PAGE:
Wgule we’re all focused on US politics and Black Lives Matter and the COVID19 crisis, climate change (and pollution) continue apace:
Antarctica could melt ‘irreversibly’ due to climate change, study warns
Antarctica contains more than half of the world’s freshwater in its sprawling, frozen ice sheet, but humanity’s decisions over the next century could send that water irreversibly into the sea. If global warming is allowed to continue unchecked, Antarctica will soon pass a “point of no return” that could reduce the continent to a barren, ice-free mass for the first time in more than 30 million years, according to a new study published Sep. 23 in the journal Nature.
15 million tons of microplastics pollute the seafloor
An estimated 15 million tons (14 million metric tons) of microplastics have settled in the deep ocean, according to a new report by Australia’s national science agency. That’s more than double the amount of plastic pollution at the ocean’s surface. Researchers sampled seafloor sediments in locations hundreds of miles from Australia’s coastline, discovering that the quantity of microplastics was far higher than anticipated.
Ice melt in Alaska threatens to unleash unprecedented ‘mega-tsunami,’ scientists warn
A giant, catastrophic tsunami in Alaska triggered by a landslide of rock left unstable after glacier melting is likely to occur in the next two decades, scientists fear – and it could happen within the next 12 months. A group of scientists warned of the prospects of this impending disaster in Prince William Sound in an open letter to the Alaska Department of Natural Resources (ADNR) in May.
Greenland ice melt is changing the shape of its coastline
Rapid melt is reshaping coastal Greenland, potentially altering the human and animal ecosystems along the country’s coast. New research published in the Journal of Geophysical Research: Earth Surface on Oct. 27 finds that the ice retreat in Greenland has changed the way glaciers flow and where they dump into the sea. These changes could impact ice loss from Greenland in the future, the researchers wrote.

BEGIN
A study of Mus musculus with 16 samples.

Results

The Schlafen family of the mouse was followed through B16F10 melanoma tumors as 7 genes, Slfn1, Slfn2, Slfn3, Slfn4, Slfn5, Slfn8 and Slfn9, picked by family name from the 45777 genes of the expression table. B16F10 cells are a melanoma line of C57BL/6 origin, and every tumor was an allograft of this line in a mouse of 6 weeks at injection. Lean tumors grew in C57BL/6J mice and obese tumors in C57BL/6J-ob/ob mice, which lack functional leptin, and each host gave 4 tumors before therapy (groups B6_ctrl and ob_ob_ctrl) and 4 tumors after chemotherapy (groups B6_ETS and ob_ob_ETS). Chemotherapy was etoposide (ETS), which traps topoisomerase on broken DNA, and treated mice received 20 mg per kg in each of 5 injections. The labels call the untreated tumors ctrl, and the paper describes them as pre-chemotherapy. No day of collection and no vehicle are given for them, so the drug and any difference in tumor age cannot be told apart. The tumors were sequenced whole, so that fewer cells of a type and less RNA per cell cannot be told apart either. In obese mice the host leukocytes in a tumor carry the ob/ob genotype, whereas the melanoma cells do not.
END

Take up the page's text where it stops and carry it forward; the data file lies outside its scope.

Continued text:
Arctic sea ice goes through ‘historic’ loss in 2020
Arctic sea ice has been in decline for a while now, but 2020 is turning out to be — by far — one of the worst years ever. Every year, like clockwork, the northern ice cap, or sea ice, shrinks in the spring and summer — reaching its minimum extent in September — and then it grows in the fall and winter to reach its maximum extent in March. But as carbon dioxide and other greenhouse gas emissions have warmed the planet, the area covered by this summer sea ice has gotten smaller and smaller. And the ice has failed to reach its usual maximum extent in the winter. This is a change that’s come on fast, with recent years producing much worse sea ice even than the period from 1981 to 2010. But even compared with the worst years of the last decade, this summer has been devastating.
Mysterious ‘dark river’ may flow hundreds of miles beneath Greenland
A giant underground river fed by melting ice could be running in a state of perpetual darkness far below the surface of Greenland, according to new research. Nicknamed the ‘Dark River’, this hypothetical waterway – if it truly exists, that is – may stretch for 1,000 kilometers (620 miles), flowing from the deep interior of Greenland all the way to Petermann Fjord in the country’s northwest.